Effective ABA Programs for Certified Autism Specialists


According to the National Autism Center (National Standards Report, 2009), interventions using behavioral strategies have been shown to be an effective intervention for teaching students with autism. Over 90% of all effective treatments identified used behavioral methods.

As described in the National Standards Project, a comprehensive behavior program using applied behavior analysis (ABA) has been shown to be the most effective.  Applied behavior analysis is the process of conducting a systematic assessment to identify baseline levels, implementing instruction using a behavioral approach (i.e. discrete trial training or pivotal response training), collecting on-going data to monitor progress and making changes to the intervention based on the data collected.

An effective evidence-based program will use ABA strategies to teach new skills in the areas of communication, social, adaptive, cognitive and academics (Lord and McGee, 2001). Autism Specialists need a program that uses research-based strategies and comprehensive curriculum content to provide effective instruction to their students.  An effective program should provide the assessment, lesson plans, materials and on-going data collection system instructors will need to implement the program. A unique program that pulls it all together for staff is not easy to find. It is even harder to find a program that has met a research standard specifically for students with autism.

International Board of Credentialing and Continuing Education Standards has discovered an organization addressing all of these challenges.  STAR® Autism Support is a leading provider of evidence-based curricula and professional development opportunities specifically designed for working with students with Autism Spectrum Disorders.   The STAR Program (Strategies for Teaching Based on Autism Research, Arick, Loos, Falco & Krug, 2004) specifically addresses the strategies identified by the National Standards Project as effective interventions.  More importantly, the strategies are presented in a practical, consistent way allowing for fidelity of implementation and positive outcomes!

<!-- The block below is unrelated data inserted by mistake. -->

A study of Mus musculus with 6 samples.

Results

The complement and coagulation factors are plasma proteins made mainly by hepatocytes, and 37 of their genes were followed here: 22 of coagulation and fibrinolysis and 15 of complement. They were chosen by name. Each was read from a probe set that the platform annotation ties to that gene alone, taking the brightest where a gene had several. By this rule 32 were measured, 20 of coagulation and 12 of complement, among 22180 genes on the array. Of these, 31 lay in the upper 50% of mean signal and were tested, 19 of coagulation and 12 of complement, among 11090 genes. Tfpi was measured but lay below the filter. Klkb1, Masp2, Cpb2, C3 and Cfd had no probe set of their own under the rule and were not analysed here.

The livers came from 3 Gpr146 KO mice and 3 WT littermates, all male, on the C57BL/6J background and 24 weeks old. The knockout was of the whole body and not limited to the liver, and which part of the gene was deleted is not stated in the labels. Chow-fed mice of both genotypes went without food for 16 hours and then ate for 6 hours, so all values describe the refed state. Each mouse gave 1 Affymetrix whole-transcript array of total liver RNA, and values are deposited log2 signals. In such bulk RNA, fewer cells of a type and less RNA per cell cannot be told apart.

The STAR Program has also been the subject of several research studies. One of the studies is an outcome study funded by the Oregon Department of Education to monitor the progress of students with autism. The Autism Outcome Study enrolled over 122 children in public preschool and school-age programs over a five year period. These programs included rural, suburban and urban schools. The project staff provided training in the STAR Program and a separate team of researchers conducted assessments of the students to monitor their progress. The students made significant progress in all areas of instruction. In particular students made significant progress in the areas of expressive language, receptive language, social interaction skills, academics and independence on functional routines. (Arick, Young, Falco, Loos, Krug, Gense, & Johnson, 2003; Arick, Young, Falco, Loos and Krug, 2004).

STAR Autism Support has worked with organizations around the globe to assist them in implementing effective programs for students with autism.  An administrator in Holland recently stated, “Using STAR Autism Support programs, our team, including the teaching staff, OT, PT and SLP, has found success in all areas of development with our most involved children to those who are ready for part-time integration.”



National Autism Center (2009). The National Standards Report. Randolph, MA: National Autism Center

Lord and McGee (2001). Educating children with Autism: committee on Educational Interventions for Children with Autism. Washington D.C.: National Academy Press

Arick, Young, Falco, Loos, Krug, Gense and Johnson (2003). Designing an Outcome Study to Monitor the Progress of Students with Autism Spectrum Disorder. Focus on Autism and Other Developmental Disabilities, 18(2), 75-87.

Arick, Young, Falco, Loos and Krug (2004). Oregon Autism Outcome Study: Final Report. Oregon Department of Education. Salem, OR.